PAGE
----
Problems locating a sewer pipe? Call in the drain detectives

Out of sight and out of mind is a common expression which applies perfectly to a drainage system – so much so that the location and connections of many underground pipes are a real mystery.

That is why drainage engineers at Lanes Group plc are often called upon to investigate and trace sewers, drains and culverts even before planned drainage maintenance can be considered.

The drainage specialist’s subterranean investigation skills are regularly called upon to support groundworks and construction contractors in connection with new building or redevelopment projects.

For example, drainage engineers from the Lanes Birmingham depot were called in to trace a culvert alongside the M54 motorway in Telford after a new pedestrian bridge was built.

Mark Niland, Area Development Manager for the Lanes Birmingham depot, said: “Either a client will have some evidence that a culvert of drain might be located on their development site.

“Or they discover it when carrying out groundworks and need to know the extent of the drainage system. Either way, for a range of reasons it then becomes important to trace the pipe.”

Contractors ignore the chance of there being hidden drains at their peril. They may undermine the structures being built. Inadvertently covering and damaging water utility pipes is likely to be a costly mistake.

It is understandable that drainage systems installed many years into the past can lay hidden, awaiting discovery. However, even relatively modern systems can also be much of a mystery.

Mark Niland explained: “Even until recently, the keeping and updating of drainage records, in many cases, has not been consistent.

“It’s only with the introduction of modern GPS-enabled digital surveying systems that has encouraged the accurate recording of whole site plans, both above and below ground.”

The culvert along the M54 is a case in point. Contractors needed to be sure that the bridge foundations did not affect the culvert. The drainage survey report was needed as part of the asset handover process.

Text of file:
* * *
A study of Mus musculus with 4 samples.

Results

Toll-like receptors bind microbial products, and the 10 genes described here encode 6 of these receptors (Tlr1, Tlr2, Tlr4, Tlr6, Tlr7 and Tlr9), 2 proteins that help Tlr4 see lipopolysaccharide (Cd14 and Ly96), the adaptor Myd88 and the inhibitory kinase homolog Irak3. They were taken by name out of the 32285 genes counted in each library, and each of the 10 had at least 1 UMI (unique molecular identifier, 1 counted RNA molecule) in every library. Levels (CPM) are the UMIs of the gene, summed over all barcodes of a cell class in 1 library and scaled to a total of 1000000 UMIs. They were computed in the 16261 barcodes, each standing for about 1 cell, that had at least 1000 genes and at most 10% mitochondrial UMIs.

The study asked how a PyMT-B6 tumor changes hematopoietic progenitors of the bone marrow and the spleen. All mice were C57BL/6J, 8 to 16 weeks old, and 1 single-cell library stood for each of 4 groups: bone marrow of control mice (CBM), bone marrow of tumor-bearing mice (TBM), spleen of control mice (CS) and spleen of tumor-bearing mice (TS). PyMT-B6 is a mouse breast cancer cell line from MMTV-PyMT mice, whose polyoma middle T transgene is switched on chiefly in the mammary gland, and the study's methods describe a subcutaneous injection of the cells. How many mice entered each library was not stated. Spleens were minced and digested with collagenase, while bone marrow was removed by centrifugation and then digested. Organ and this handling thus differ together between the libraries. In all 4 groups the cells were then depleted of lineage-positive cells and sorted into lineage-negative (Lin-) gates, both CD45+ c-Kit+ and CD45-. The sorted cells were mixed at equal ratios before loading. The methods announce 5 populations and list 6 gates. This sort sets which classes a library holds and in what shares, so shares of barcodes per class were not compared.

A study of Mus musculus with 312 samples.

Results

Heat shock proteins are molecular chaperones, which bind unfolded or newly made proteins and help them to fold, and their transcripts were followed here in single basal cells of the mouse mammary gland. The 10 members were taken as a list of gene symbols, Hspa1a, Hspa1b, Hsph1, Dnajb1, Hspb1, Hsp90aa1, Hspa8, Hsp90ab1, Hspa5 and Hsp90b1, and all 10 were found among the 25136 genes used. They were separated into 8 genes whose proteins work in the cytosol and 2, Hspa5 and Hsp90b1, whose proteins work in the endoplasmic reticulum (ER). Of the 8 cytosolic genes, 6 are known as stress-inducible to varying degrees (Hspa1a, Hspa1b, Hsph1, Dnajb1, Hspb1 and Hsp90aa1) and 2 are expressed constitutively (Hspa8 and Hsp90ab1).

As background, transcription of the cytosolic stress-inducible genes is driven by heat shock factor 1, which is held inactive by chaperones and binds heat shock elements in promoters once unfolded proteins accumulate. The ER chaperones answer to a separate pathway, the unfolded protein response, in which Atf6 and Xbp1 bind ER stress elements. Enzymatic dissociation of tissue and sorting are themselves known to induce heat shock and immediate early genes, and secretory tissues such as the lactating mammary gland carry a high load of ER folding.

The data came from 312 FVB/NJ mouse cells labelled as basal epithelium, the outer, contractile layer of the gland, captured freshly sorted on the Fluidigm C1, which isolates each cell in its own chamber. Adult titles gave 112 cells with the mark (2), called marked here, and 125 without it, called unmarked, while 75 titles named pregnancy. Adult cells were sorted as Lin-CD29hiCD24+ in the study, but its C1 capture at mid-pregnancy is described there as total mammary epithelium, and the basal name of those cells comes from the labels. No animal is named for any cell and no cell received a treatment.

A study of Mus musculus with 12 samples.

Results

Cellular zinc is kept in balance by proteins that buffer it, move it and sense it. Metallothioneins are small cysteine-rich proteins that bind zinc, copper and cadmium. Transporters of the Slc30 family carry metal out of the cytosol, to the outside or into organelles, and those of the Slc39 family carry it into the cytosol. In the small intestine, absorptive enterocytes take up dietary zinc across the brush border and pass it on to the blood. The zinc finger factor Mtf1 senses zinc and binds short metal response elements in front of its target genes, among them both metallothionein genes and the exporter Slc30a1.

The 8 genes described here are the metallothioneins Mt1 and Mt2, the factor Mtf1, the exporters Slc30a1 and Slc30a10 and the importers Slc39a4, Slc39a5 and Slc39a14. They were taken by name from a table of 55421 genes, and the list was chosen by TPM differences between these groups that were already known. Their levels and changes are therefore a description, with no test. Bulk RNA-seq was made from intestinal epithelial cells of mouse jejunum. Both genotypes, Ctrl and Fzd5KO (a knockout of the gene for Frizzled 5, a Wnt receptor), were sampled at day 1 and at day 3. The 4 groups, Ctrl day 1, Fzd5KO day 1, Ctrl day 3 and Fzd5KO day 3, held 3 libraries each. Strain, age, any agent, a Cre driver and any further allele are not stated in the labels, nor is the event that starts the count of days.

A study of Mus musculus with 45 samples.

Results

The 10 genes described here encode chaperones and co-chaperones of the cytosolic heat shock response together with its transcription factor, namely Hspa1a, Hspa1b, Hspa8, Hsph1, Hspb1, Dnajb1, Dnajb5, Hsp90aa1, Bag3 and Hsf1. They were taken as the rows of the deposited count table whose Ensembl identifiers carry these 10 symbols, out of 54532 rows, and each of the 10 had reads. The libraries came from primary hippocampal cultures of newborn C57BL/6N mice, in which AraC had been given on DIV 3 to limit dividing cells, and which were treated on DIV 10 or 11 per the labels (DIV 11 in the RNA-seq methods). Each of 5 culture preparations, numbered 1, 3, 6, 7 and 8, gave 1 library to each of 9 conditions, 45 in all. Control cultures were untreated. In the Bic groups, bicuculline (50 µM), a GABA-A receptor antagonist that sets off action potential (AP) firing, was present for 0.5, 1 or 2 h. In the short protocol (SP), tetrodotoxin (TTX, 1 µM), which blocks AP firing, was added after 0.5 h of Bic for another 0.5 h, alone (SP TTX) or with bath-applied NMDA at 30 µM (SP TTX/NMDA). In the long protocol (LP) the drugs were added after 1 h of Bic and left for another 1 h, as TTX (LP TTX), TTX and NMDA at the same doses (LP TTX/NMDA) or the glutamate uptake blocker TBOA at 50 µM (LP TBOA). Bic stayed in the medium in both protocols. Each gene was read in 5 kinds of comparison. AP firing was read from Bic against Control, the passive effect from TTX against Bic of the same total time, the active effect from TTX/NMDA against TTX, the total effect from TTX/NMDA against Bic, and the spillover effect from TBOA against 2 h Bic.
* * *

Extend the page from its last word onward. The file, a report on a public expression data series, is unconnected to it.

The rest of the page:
Lanes drainage and professional services teams use a range of techniques to locate, investigate and accurately map drainage systems. The first rule is often not to trust the plans, if there is the luxury of having them.

They may miss out drains already in the ground when they were drawn. They may represent a proposed system, not what actually went into the ground. They may have not been updated to include subsequent drainage development.

Because of that, the first step is often a lot of basic drain detective work, walking the site, and using technical knowledge and experience to find manholes, which can turn up in the oddest places.

Manholes are often buried or lost in undergrowth. Then, comes the task of identifying how the drainage system connects up, where the water flows to and from, and where the drainage outfalls are located.

Alongside the legwork, Lanes can deploy sophisticated drainage survey equipment to trace underground pipes, map their connections, assess their condition, and now pinpoint them in space to within a few millimetres.

Its teams use robotic CCTV drainage survey cameras to rove up and down culverts from 300mm to 1500mm in diameter and above, recording HD quality video footage as they go.

For smaller diameter drains and sewers, flexible rod CCTV camera can be used. A sonde can be attached to camera heads, which can be detective from above ground, to identify the precise path and depth of a pipe.

Lanes Professional Services can also use GPS and GIS mapping to prepare a highly-accurate map of drainage systems, rich with data to help analyse its condition and capability.

Mark Niland said: “It is probable that at some time in the future, the problem of hidden and lost sewer and culvert pipes will be a thing of the past. However, with the legacy systems we have, that will be decades not years into the future.”

Until then, the Lanes drain detectives will be kept busy. Combining experience and intuition, with the latest asset mapping technology to uncover the hidden sewer secrets beneath our feet.